Oesophageal Cancer Strikes Hard: Among Top six Causes of Global Cancer Deaths

Oesophageal cancer is a serious disease that begins in the oesophagus, the long, hollow tube that runs from the throat to the stomach. It is the sixth most common cause of cancer deaths worldwide after Lung cancer, Colorectal (colon) cancer, Stomach (gastric) cancer, Liver cancer and Breast cancer. The disease is more prevalent in males over the age of 55 years, and it often affects people who have smoked or used alcohol heavily.

Esophageal cancer
Oesophageal cancer. Photo by Terese Winslow


Oesophageal cancer occurs when cells in the oesophagus develop changes (mutations) in their DNA. These changes cause cells to grow and divide out of control, forming a tumor that can grow to invade nearby structures and spread to other parts of the body.

There are two main types of oesophageal cancer: adenocarcinoma and squamous cell carcinoma. Adenocarcinoma begins in the cells of mucus-secreting glands in the oesophagus and occurs most often in the lower portion of the oesophagus. Squamous cell carcinoma begins in squamous cells that line the oesophagus and usually affects the upper and middle parts of the oesophagus.

Symptoms and Signs

The most common symptoms of oesophageal cancer include difficulty swallowing (dysphagia), weight loss without trying, chest pain, worsening indigestion or heartburn, coughing or hoarseness. Unfortunately, most oesophageal cancers do not cause symptoms until they have reached an advanced stage, when they are harder to treat.

Risk Factors and Connection to Other Cancers

The risk of oesophageal cancer increases with age, with more than 80% of diagnoses occurring in people over 55 years old. It’s rare for younger people to receive this diagnosis. The disease is more common in men than in women.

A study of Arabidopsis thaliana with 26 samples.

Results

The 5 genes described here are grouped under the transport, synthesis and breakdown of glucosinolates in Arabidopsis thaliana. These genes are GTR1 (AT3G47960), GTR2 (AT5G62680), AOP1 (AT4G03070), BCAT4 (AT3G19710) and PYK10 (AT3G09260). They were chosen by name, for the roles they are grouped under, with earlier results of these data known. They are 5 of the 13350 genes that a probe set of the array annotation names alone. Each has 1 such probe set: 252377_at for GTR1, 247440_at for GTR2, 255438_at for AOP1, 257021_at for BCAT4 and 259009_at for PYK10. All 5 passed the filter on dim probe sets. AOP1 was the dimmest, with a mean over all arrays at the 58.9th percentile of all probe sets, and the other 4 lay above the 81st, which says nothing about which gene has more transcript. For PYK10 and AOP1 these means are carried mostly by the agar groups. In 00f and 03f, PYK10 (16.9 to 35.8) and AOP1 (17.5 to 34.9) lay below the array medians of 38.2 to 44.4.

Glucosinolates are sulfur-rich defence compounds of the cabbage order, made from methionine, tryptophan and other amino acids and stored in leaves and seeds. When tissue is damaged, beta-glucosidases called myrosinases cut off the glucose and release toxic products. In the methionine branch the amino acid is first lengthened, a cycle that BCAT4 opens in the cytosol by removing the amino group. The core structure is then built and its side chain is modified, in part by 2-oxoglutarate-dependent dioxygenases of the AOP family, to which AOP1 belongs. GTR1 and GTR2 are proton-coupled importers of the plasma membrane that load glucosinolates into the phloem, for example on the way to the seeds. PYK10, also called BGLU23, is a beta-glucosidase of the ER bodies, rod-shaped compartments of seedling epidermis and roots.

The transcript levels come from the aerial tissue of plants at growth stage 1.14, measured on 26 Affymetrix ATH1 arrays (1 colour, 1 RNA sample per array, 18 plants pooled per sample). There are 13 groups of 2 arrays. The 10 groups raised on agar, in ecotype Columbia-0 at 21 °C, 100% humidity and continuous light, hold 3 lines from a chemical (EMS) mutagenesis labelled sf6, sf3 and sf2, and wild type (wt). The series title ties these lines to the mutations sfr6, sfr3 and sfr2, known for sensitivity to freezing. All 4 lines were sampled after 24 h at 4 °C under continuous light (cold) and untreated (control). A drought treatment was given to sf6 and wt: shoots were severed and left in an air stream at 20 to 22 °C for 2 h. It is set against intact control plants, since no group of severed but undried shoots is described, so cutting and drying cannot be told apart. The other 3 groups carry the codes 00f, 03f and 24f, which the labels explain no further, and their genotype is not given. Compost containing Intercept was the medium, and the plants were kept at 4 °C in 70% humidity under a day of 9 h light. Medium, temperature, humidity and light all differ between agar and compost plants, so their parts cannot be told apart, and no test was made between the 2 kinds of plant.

Risk factors for oesophageal cancer include having gastroesophageal reflux disease (GERD), smoking, having precancerous changes in the cells of the oesophagus (Barrett’s oesophagus), being obese, drinking alcohol, and undergoing radiation therapy.

Esophageal cancer can spread to other parts of the body, such as the liver or lungs. This process, known as metastasis, can lead to the development of secondary cancers in these organs.

Diagnosis and Treatment

Diagnostic tests for oesophageal cancer include imaging tests, endoscopy, and biopsy. Treatment involves removal of the tumor through surgery, chemotherapy, or radiation. Medications for esophageal cancer include Carboplatin/Paclitaxel, Cisplatin/5-Fluorouracil (5-FU), Epirubicin/Cisplatin/5-FU (ECF), Docetaxel/ Cisplatin/5-FU (DCF).

Note: Kindly do not try to self diagnose without a doctor’s supervision.

Prevention

While there is no assured way to prevent oesophageal cancer, precautions to reduce risks include quitting smoking, stopping drinking alcohol, exercising regularly, consulting a doctor immediately if gastroesophageal reflux disease (GERD) is experienced, and consuming vitamin-rich foods.

In conclusion, oesophageal cancer is a serious disease that requires early detection and treatment. Awareness of the risk factors and symptoms can help in early diagnosis and potentially improve outcomes.